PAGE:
The Centre of Denmark
Mike and I have seen many very different sites over the last few days. We spent a great day at the Egeskov Castle. We have seen quite a few castles in our travels over the years. The Egeskov Castle is my second favourite strictly from an exterior appeal point of view. My favourite, without question, is Balmoral. I think it looks like the castle from every fairy tale story and from every Disney movie every produced but Egeskov Castle looks great. This is a 460 year old castle that was opened to the public around 1960. The current count still lives in the castle but since there are 66 rooms there is space for private and public. On display is a phenomenal miniature doll house that took 15 years to build. The detail is incredible. The gardens are a huge part of the attraction and have won many worldwide awards.
The Castle is also a museum. They decided to add an exhibition of classic cars, motorcycles and bicycles. The sexist assumption was that women would be more interested in the gardens so the men would have the vehicles. They have a gorgeous display of clothing including ballgowns from the House of Worth. I am not usually interested in fashion but I did like this display. The signs that said this gown was worn by the great grandmother of the current count helped. In addition to the interior and the gardens there were outdoor attractions. I had some of my most fun on activities meant for kids. I walked on a very unstable feeling swaying tree top trail/bridge very high in the air. I also tried out a Segway for the first time and spent about 15 minutes on the Segway track. It was good fun. Summer season doesn’t really start for a week or two. I am very glad that we were here before the crowds.
From old castles to modern art museums, we are seeing lots of interesting things. We visited the ARoS museum in Aarhus. The first thing you see from the outside is the rainbow panorama display which is a circular glass walkway around the top of the building in all colours of the rainbow. You can walk around it and get a great view of the city and the bay. A museum director said “Traditional museums are not designed to encourage social interactions. We explicitly wanted to change that.” and I think they did. There was also traditional art. Going from memory, I saw some Gaugin, one Renoir and a couple of Andy Warhol. What I remember most though were the interactive exhibits. One that I had never see before was called The Art of Looking, also known as The Eye Catcher. You sit about five feet away from a wall where they display a picture approx. 6 feet by 3 feet on the wall. Somehow eye-tracking technology traces your eye movements as you look at the picture. After about 30 seconds or so you are shown the path that your eyes took as you viewed the picture. You are shown what portions of the picture you spent time looking at. Your “areas of interest” in the picture are compared to the general public. Computer software designers often try and track people’s eye movements to see how they are adapting to new programs. This was an interesting demonstration that showed how far this technology has come.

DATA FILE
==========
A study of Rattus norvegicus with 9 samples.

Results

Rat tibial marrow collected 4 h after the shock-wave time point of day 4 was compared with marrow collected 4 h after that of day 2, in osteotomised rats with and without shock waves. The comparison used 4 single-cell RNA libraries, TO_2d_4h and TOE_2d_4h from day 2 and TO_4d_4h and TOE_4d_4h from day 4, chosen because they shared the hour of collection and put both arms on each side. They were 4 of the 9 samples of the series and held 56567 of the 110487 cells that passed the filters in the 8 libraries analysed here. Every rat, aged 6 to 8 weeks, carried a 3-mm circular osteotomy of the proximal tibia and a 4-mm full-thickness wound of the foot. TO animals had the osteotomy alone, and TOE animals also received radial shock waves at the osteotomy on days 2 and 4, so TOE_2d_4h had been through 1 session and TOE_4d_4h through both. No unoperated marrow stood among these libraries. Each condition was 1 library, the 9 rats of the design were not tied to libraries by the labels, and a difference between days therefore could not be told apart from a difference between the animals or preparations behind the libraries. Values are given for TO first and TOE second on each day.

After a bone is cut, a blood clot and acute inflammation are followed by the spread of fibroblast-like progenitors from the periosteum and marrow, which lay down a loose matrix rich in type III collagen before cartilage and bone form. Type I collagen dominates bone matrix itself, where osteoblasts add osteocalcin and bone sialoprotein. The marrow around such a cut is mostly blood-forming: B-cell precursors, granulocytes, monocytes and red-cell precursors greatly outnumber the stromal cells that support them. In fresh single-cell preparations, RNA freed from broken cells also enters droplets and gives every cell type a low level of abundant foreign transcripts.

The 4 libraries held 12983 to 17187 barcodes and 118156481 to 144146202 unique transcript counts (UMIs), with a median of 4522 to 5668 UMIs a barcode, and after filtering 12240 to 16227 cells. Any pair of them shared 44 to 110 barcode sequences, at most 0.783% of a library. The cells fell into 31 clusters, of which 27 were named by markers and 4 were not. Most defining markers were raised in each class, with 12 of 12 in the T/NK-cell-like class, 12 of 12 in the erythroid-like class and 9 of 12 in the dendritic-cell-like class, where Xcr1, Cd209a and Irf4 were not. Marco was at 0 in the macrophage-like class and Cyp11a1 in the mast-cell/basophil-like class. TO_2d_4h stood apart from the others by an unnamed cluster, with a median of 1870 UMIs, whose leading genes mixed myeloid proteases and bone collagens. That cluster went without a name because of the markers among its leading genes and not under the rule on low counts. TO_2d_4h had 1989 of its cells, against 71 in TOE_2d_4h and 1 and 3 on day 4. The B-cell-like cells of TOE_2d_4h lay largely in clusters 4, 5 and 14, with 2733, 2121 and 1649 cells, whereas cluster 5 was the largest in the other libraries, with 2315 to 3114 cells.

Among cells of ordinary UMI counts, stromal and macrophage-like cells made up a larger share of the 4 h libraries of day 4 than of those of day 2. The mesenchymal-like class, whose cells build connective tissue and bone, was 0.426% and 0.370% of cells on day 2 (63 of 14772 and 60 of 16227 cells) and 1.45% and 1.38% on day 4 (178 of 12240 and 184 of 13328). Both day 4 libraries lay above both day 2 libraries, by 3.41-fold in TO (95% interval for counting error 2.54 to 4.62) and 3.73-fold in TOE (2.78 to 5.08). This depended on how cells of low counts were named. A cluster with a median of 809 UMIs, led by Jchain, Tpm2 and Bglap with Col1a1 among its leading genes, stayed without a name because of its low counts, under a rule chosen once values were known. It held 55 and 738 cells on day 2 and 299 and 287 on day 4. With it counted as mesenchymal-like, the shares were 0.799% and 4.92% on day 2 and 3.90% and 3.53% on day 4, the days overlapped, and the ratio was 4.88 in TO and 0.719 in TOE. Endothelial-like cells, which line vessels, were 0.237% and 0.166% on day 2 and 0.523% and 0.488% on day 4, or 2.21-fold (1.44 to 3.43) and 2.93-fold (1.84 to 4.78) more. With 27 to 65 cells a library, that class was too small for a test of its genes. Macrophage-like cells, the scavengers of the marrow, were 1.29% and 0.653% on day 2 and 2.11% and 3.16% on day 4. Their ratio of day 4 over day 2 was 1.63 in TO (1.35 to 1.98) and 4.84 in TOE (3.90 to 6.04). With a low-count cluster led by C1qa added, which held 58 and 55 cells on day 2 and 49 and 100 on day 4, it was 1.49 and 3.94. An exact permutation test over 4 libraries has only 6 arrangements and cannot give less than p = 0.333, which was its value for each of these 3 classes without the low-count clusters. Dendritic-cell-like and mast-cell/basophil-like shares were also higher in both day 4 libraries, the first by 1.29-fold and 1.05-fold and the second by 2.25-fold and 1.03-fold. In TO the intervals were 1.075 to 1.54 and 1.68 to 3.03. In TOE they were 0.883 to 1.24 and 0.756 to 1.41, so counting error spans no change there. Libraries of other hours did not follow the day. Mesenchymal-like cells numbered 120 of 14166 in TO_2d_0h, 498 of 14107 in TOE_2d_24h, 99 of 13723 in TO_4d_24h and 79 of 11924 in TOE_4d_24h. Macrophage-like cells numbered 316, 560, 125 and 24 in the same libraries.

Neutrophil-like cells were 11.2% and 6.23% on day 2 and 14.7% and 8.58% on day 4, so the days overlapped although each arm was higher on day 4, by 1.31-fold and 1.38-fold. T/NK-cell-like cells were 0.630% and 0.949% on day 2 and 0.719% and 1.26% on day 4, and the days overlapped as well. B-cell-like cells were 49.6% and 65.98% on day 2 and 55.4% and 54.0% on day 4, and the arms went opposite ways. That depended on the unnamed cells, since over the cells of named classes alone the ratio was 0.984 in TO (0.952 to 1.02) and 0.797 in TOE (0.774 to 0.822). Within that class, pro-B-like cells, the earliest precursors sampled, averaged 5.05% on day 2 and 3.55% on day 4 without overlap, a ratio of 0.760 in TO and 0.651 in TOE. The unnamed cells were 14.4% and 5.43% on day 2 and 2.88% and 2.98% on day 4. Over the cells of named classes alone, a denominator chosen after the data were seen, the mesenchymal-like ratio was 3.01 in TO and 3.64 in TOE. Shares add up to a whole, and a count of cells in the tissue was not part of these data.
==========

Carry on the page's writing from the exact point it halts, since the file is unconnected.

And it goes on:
Another interesting interactive display was an area where you stuck your head through an opening in a wall and saw your head reflected on many, many mirrors all at different angles and levels. I won’t go into all the interactive exhibits they had but it certainly made the art gallery an interesting experience. Of course they had some very strange displays as well.
Mike and I walked along the water’s edge as one town was getting ready for a waterfront festival. We saw the largest tall ship (Russian) that we have ever seen. It not only towered over the other tall ships but the hull was considerably longer and wider. We also toured a minesweeper and Mike had a great time being taken down to areas of the boat not normally on display. We hadn’t realized that the basic way these boats worked. The ship itself was for the most part made out of non-magnetic materials (wood, aluminum, bronze) so as not to attract a magnetic bomb. The ship then dragged a magnetic ball (to attract magnetic bombs) or an acoustic device (barrel containing something that made a loud noise) through the water behind a long rope. These devices were intended to purposely cause the mines to explode. I guess I thought that they retrieved the mines somehow, actually I never really thought about how they worked.
One afternoon we walked through an open-air museum called ‘Den Gamle By’ or in English ‘The Old Town’. This was like our Pioneer Village but since the buildings on display where in town everything was much more compact and close together than the traditional rural villages that you often see on display.
We are now heading to Copenhagen which should have even more interesting things to see and do. Talk to you soon.